Electric cars may be the future, but in the present they're still a risk.

Nissan knows this more than most, and at a conference reporting its Q2 2012 financial results, chief operating officer Toshiyuki Shiga says that Nissan would still like to penetrate the market more.

However, he also expressed disappointment and frustration at media focus on tepid electric car sales.

For over a year now the Leaf has been outsold in the U.S. by its closest rival, the Chevrolet Volt, and worldwide the company has sold only 42,700 units.

Almost half of that total, 19,000 units, has been in Nissan's domestic market, Japan.

In the conference video, Toshiyuki-san explains that Nissan is still learning from the program.

"We are learning... why customers hesitate to buy an EV, and what are the issues they face after they buy one, and how satisfied customers are once they get into an electric vehicle."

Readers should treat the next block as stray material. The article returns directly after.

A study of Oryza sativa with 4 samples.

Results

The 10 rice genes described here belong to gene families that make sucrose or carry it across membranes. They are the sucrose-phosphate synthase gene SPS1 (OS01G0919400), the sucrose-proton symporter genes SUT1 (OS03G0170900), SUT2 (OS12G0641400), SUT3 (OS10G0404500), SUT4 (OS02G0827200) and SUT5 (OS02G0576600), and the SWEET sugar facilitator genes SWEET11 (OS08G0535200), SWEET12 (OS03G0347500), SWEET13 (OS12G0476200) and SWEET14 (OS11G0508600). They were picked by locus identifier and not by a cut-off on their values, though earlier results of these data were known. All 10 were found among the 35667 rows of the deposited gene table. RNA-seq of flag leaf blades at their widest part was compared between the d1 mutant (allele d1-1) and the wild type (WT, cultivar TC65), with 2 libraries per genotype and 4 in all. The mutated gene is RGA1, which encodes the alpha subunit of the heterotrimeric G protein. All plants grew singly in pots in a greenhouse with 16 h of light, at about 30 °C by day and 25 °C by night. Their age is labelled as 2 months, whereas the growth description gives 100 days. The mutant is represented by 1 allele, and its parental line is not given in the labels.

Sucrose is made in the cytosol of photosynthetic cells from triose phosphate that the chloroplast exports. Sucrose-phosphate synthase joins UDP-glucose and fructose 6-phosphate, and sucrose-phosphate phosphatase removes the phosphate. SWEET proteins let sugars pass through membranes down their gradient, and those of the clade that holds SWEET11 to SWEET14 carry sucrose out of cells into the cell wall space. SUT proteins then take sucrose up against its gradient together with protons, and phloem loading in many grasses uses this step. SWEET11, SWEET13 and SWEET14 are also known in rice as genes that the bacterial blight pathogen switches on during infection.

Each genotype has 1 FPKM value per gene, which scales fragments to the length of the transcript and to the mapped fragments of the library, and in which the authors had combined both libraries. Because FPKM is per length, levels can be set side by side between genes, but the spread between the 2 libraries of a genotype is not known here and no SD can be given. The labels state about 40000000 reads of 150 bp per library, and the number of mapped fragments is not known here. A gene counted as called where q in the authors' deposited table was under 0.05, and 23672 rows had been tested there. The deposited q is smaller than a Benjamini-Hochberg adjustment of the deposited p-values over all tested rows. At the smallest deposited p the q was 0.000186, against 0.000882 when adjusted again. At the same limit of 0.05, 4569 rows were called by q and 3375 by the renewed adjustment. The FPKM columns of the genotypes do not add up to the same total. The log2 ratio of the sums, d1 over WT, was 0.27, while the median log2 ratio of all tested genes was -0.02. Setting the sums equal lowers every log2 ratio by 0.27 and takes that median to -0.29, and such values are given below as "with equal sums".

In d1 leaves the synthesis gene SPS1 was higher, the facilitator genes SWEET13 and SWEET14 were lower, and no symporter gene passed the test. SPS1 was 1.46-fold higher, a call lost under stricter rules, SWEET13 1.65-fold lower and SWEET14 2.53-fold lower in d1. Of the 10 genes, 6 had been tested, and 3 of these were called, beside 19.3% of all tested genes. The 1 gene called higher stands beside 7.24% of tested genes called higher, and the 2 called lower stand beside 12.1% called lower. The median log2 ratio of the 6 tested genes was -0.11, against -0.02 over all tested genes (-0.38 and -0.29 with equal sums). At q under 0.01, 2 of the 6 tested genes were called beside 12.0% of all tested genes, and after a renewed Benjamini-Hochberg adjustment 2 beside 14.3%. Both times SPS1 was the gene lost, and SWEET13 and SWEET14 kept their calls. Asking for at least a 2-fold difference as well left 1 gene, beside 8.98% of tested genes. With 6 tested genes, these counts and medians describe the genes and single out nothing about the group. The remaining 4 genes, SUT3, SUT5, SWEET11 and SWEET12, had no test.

Nissan wants the data it learns from Leaf drivers to improve the EV experience overall--using driving patterns to determine the most useful locations for quick chargers for example, and wants to pass that data on to companies that install quick chargers.

Shiga says that people may have different opinions on whether the Leaf is selling at the right pace or whether sales are too slow, but Nissan "would like to penetrate the market more."

"The entire company is united to promote the sales... please don't forget that we have this passion and a sense of mission to work on EVs."

Note: This article is revised from an earlier version of the story, to take account of more accurate sources.